Wisconsin running back Jonathan Taylor has answers for NFL draft questions
The Times examines the top prospects ahead of the NFL draft, to be held April 23-25.
Perhaps nobody arrived at the NFL combine in February having accomplished more while answering fewer questions for scouts than Jonathan Taylor.
Sure, he broke Herschel Walker’s three-year rushing record with 6,174 yards at Wisconsin … but what about those 18 fumbles?
Yeah, his durability is a known commodity … but what about his lack of sustained pass-catching out of the backfield?
Yep, he seems like he might make a really good pro running back … but what about all those other enticing prospects who might be more complete players?
ESPN NFL draft analyst Mel Kiper Jr. told ESPN Wisconsin that Taylor, despite his prolific college career, most likely would be a second-round pick because of those nagging uncertainties.
Taylor predictably dismissed the concerns at the combine, saying he was an all-around back who could thrive in more than a power running game as he did with Badgers. He pointed to Wisconsin coach Paul Chryst’s ability to showcase him as a playmaker by getting him the ball in space as well as his consistency from season to season.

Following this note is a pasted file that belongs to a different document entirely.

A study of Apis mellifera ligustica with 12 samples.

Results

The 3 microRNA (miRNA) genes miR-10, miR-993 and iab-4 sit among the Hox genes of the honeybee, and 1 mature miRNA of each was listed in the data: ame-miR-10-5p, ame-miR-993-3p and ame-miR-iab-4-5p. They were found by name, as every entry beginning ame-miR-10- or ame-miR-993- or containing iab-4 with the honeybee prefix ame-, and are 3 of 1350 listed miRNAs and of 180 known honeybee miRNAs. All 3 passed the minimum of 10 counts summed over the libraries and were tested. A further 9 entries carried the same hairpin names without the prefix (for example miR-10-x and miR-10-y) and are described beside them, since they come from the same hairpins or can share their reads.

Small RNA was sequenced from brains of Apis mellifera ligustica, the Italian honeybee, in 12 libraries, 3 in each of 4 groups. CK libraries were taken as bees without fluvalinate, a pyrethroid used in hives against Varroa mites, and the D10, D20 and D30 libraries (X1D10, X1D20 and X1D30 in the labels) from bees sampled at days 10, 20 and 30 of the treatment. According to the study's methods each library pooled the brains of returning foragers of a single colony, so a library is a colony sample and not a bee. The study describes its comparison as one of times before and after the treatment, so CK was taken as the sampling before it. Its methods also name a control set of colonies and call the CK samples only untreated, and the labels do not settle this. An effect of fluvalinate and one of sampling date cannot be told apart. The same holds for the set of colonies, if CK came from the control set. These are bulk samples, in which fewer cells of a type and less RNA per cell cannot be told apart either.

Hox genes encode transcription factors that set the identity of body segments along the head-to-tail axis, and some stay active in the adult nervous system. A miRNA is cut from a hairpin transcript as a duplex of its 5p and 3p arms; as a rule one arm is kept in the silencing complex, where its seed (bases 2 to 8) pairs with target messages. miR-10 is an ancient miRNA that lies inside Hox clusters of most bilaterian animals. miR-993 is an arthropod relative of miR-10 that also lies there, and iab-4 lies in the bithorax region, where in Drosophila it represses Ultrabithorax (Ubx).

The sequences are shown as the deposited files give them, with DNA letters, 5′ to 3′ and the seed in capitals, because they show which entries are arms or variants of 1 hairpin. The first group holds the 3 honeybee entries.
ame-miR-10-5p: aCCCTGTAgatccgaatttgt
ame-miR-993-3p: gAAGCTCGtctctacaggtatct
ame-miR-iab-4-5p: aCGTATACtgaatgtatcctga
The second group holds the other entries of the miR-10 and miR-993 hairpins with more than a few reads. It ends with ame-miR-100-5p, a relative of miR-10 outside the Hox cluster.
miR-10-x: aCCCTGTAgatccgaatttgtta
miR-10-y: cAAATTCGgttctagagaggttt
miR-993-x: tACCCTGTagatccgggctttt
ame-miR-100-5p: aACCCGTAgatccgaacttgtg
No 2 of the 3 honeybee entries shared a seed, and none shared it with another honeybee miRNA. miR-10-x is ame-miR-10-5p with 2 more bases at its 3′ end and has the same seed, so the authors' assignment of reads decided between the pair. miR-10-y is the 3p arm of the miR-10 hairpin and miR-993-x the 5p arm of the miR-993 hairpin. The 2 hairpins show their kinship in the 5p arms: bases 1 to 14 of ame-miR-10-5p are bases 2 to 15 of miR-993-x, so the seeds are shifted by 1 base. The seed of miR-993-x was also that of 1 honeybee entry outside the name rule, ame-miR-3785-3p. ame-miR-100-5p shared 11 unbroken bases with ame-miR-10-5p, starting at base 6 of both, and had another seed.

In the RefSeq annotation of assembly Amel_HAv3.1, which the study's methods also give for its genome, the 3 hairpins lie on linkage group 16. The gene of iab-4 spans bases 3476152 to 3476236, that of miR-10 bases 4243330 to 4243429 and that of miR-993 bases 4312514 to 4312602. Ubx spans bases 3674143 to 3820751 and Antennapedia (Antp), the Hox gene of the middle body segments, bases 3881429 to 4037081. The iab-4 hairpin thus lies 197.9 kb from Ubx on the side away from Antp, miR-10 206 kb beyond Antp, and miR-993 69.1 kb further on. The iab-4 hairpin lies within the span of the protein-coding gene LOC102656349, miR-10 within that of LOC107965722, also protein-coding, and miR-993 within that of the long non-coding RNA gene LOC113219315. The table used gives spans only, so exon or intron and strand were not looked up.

“If you look at the next level, what separates the great backs from the elite backs is really them playing on an elite level day in and day out every Sunday,” Taylor said at the combine. “I think that’s one of the biggest things that separates me is my ability to be consistent year in and year out.”
Doubts about his ability to catch the ball, Taylor said, should have been eliminated during a junior season in which he caught 26 passes for 252 yards and five touchdowns. He had made a combined 16 catches over his first two seasons.
Taylor said he modeled his rushing style after former Houston Texans star Arian Foster, who led the league in rushing in his second NFL season.
Running the 40-yard dash in 4.39 seconds at the combine proved that Taylor blends size and speed. But will it be enough for him to overtake a host of other talented running backs such as Georgia’s D’Andre Swift, Utah’s Zack Moss, Ohio State’s J.K. Dobbins and Florida State’s Cam Akers on draft day?
That question will be answered soon enough.